The largest volcanic explosion after Krakatau in 1883 studied within an international collaboration

The largest volcanic explosion after Krakatau in 1883 studied within an international collaboration

Two Belgian researchers, including Thomas Lecocq from the Royal Observatory of Belgium, are participating in an international collaboration on the eruption of the Hunga volcano (Tonga archipelago) of 15 January 2022, the largest explosion since Krakatau in 1883. This study has just been published on Thursday 12 May 2022 in the journal Science.

On 15 January 2022, the Hunga[1] volcano (Tonga archipelago) produced a major explosion at 4:15 am (Universal Time). This eruption is the culmination of an eruptive sequence that began on 19 December 2021. All eruptions prior to this explosive event were much smaller and impacts were limited to the area around Hunga-Tonga and Hunga Ha’apai. The explosion caused significant atmospheric, acoustic, gravitational, ionospheric and seismic disturbances. It was recorded by a wide range of instrument types, each providing information and constraints on this major event. The frequency content of the event spans a very wide band (from acoustic-gravity to audio: it was heard as far away as Alaska, at a distance of almost 10,000 km) and therefore requires an interdisciplinary collaboration and perspective.

The paper published on Thursday, May 12 in the journal Science is the result of a global scientific effort, with 76 authors from 17 countries, whose expertise includes seismology, acoustics, tsunamis, ionospheric disturbances, volcanology, etc. This is the most comprehensive analysis of a very complex and large-scale eruption. The main eruption was the largest recorded in recent decades and the most exhaustively recorded by global monitoring stations (97 networks, 3189 data sets). It validated theories that had not yet been observed with modern instruments. For example, the acoustic-gravitational waves circled the globe three times over a period of six days, something that had not happened since the eruption of the Krakatau volcano in Indonesia in 1883. Various tsunamis were also triggered at several locations around the world. Unlike the Krakatau eruption, thousands of instruments were used to dissect this major eruption and to analyse its impact on the planet.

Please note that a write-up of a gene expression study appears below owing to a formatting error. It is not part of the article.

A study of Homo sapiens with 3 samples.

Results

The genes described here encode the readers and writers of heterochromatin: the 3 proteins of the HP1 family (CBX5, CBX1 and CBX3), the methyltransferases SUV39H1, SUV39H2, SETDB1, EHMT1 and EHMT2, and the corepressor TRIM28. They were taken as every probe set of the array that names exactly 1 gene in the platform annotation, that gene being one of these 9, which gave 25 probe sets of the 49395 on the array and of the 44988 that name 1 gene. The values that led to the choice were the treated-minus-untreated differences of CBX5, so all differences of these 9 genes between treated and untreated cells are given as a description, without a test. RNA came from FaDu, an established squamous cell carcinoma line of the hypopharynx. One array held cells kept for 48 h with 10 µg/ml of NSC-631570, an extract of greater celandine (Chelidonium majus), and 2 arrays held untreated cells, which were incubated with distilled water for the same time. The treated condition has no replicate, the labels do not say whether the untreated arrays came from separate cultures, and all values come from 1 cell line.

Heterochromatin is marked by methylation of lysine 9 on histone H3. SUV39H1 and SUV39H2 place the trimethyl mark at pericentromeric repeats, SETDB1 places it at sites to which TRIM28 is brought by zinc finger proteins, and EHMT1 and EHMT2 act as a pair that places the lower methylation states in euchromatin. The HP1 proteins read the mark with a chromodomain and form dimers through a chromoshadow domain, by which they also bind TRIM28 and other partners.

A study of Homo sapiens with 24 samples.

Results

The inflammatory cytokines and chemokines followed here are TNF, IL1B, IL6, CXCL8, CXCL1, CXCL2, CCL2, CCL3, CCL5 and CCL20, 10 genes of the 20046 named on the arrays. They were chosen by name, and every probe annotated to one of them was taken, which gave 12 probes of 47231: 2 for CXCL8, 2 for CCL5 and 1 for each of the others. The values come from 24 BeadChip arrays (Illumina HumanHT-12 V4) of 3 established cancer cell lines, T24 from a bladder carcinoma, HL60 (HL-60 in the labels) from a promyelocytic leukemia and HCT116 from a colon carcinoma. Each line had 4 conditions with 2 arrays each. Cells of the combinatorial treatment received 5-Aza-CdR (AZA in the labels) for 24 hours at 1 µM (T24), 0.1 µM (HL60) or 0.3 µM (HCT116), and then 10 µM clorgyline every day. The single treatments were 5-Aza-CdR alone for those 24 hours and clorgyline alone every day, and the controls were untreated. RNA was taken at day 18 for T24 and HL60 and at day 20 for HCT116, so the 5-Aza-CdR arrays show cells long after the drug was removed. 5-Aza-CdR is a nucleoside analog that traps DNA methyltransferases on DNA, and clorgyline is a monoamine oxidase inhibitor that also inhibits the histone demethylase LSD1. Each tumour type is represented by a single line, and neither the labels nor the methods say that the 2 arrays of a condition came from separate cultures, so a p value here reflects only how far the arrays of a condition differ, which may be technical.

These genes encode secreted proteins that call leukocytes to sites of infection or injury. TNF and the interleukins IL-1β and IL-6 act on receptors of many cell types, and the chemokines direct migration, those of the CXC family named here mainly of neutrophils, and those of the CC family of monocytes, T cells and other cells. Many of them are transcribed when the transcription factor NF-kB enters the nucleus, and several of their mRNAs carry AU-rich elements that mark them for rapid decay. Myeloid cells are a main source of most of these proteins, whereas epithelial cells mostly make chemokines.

The Belgian contribution to this international effort was the co-coordination of the seismological analysis (Corentin Caudron, Université libre de Bruxelles) and the global analysis of the data from pressure sensors, barometers and seismometers (Thomas Lecocq, Royal Observatory of Belgium).

This article is based on a joint press release from the Université libre de Bruxelles and the Royal Observatory of Belgium.

Reference of the article :

Robin S. Matoza et al., “Atmospheric waves and global seismoacoustic observations of the January 2022 Hunga eruption, Tonga”, Science, Volume 376, Issue 6594, DOI: 10.1126/science.abo7063.

[1] The name of the volcano is “Hunga”, not “Hunga Tonga-Hunga Ha’apai”. “Hunga” refers to the whole volcano, rather than the islands of “Hunga Tonga” and “Hunga Ha’apai”.

Graph showing the seismic recordings of 15 January 2022 by the Belgian network of the Royal Observatory of Belgium.

Seismic recordings of 15 January 2022 by the Belgian network of the Royal Observatory of Belgium. The ELIS station is located in Antarctica and therefore shows a different waveform than the stations located in Belgium. Illustration of the arrival of the seismic waves between 4h15 and 7h00 UTC (fuchsia) and of the seismic-acoustic wave (green) from 12h43 at ELIS and 18h50 for the network in Belgium.

Graph showing the recording described in the legend.

Recording of atmospheric pressure changes by the barometers of the international network of superconducting gravimeters, two of which are located in Belgium: MEMB in Membach (Baelen) and RCHS in Rochefort. The graph shows the different passages of the Lamb wave, which circles the Earth in about 35 hours and 10 minutes. At the ‘shortest distance’, this wave travels about 6 hours less than at the ‘longest distance’.